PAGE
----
A Turkish court has imposed a gag order on news reports covering the death by suicide of a university student who left a video message in which he complained about being subjected to mobbing in a student apartment managed by an Islamic cult, Turkish Minute reported.
The video message left by medical student Enes Kara and his suicide led to outrage in Turkey, with many questioning the role of Islamic cults in the society as well as the effects of parental pressure on children.
Video footage of the student, which he released on social media before allegedly throwing himself off the roof of the building, shows him complaining about the oppressive methods used by the managers of the apartment, where he was staying due to pressure from his parents.
“My family forced me to stay here. … My father told me not to break the rules here, to perform prayers and read the books [the managers want me to read]. … You’re at school all day long and then when you do all these things against your will, you feel like your freedom has been taken away from you,” Kara said in the video.
It is common for religious groups in Turkey to rent apartments for university students where they promote their values and beliefs. Students are supposed to obey the rules in these apartments set by the group and are expected to perform religious rituals, sometimes against their will.
A court in the İskenderun district of Hatay province imposed the gag order on news reports about Kara’s death upon a complaint filed by his father, Mehmet, who claimed that the reports violated his personal rights.
The father told the media following the death of his son that he had been in the religious cult for 25 years and had not witnessed any acts of wrongdoing on their part and thought his son would get used to being among cult members and performing their rituals over time.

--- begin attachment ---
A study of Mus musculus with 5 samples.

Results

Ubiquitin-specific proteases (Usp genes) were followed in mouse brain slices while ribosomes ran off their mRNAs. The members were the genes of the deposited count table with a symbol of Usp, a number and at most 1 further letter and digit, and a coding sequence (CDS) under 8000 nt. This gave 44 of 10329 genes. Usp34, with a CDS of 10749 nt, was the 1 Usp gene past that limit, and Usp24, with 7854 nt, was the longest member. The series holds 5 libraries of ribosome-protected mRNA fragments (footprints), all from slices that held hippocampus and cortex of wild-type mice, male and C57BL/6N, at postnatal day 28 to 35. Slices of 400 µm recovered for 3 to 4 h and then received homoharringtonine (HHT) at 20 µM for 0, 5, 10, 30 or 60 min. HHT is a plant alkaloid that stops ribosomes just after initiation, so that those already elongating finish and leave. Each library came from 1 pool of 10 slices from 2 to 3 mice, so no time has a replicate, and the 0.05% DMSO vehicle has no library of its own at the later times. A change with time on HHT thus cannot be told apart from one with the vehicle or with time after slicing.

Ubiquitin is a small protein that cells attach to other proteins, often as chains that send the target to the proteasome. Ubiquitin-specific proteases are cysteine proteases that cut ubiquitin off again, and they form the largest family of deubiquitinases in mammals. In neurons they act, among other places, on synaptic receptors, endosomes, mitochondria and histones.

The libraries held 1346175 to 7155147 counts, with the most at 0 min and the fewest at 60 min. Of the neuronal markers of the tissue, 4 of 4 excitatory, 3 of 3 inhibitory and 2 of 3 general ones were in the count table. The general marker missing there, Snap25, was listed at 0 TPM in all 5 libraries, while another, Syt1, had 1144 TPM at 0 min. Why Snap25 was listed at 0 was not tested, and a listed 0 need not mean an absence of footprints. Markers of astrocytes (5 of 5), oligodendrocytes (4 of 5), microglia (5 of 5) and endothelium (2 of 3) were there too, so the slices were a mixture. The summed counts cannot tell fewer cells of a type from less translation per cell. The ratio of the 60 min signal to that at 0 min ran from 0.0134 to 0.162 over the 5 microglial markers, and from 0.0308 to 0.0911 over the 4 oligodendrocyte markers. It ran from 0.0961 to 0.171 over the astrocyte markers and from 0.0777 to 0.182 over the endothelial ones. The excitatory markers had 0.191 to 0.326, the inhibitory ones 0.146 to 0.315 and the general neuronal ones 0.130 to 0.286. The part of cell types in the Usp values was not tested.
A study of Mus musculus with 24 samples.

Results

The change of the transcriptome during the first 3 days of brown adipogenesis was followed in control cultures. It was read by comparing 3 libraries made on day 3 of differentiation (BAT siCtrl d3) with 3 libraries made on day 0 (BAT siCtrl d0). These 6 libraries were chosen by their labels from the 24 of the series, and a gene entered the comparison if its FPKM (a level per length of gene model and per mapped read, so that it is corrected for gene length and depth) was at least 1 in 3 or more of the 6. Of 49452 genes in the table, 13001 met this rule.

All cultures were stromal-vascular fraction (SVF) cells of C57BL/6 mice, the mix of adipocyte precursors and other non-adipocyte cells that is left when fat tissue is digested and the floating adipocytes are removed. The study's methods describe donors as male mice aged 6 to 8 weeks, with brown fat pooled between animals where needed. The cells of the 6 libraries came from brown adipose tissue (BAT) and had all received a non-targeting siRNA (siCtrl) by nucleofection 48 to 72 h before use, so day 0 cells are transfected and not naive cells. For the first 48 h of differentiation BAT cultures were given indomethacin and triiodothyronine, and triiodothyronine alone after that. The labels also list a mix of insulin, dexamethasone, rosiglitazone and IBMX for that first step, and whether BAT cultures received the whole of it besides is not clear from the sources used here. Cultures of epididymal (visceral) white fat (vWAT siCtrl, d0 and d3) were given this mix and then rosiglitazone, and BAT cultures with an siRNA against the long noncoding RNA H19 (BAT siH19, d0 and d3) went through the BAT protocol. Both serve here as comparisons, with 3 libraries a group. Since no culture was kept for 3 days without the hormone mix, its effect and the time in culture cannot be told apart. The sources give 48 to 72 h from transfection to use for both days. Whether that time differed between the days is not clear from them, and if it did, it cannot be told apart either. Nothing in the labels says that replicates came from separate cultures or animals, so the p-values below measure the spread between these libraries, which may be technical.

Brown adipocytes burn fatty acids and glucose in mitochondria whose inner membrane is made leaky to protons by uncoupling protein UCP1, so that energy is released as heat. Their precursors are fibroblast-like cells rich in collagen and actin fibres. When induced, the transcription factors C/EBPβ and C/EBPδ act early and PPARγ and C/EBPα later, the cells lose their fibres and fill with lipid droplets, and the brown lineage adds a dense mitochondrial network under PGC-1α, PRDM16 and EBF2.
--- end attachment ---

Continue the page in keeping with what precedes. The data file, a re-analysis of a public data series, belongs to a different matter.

In the meantime, a local journalist in the eastern province of Elazığ who first reported on the tragedy has been fired, according to the Gerçek Gündem news website. Faik Akgün, from the local Günışığı newspaper, was fired as managing editor by the daily’s owner Nafiz Koca. The news report, titled “He could not stand the cult pressure and committed suicide,” was also removed from the newspaper’s website.
The ruling Justice and Development Party’s (AKP) relations with religious cults have been a subject of debate in Turkey, especially after the July 15, 2016 attempted coup, for which the government blamed the Gülen movement, inspired by Islamic preacher Fethullah Gülen. The movement strongly denies any involvement in the failed putsch.
The AKP government is currently being criticized for not distancing itself from Islamist groups and letting cults fill the gap in state institutions that opened after widespread dismissals of alleged members of the Gülen movement.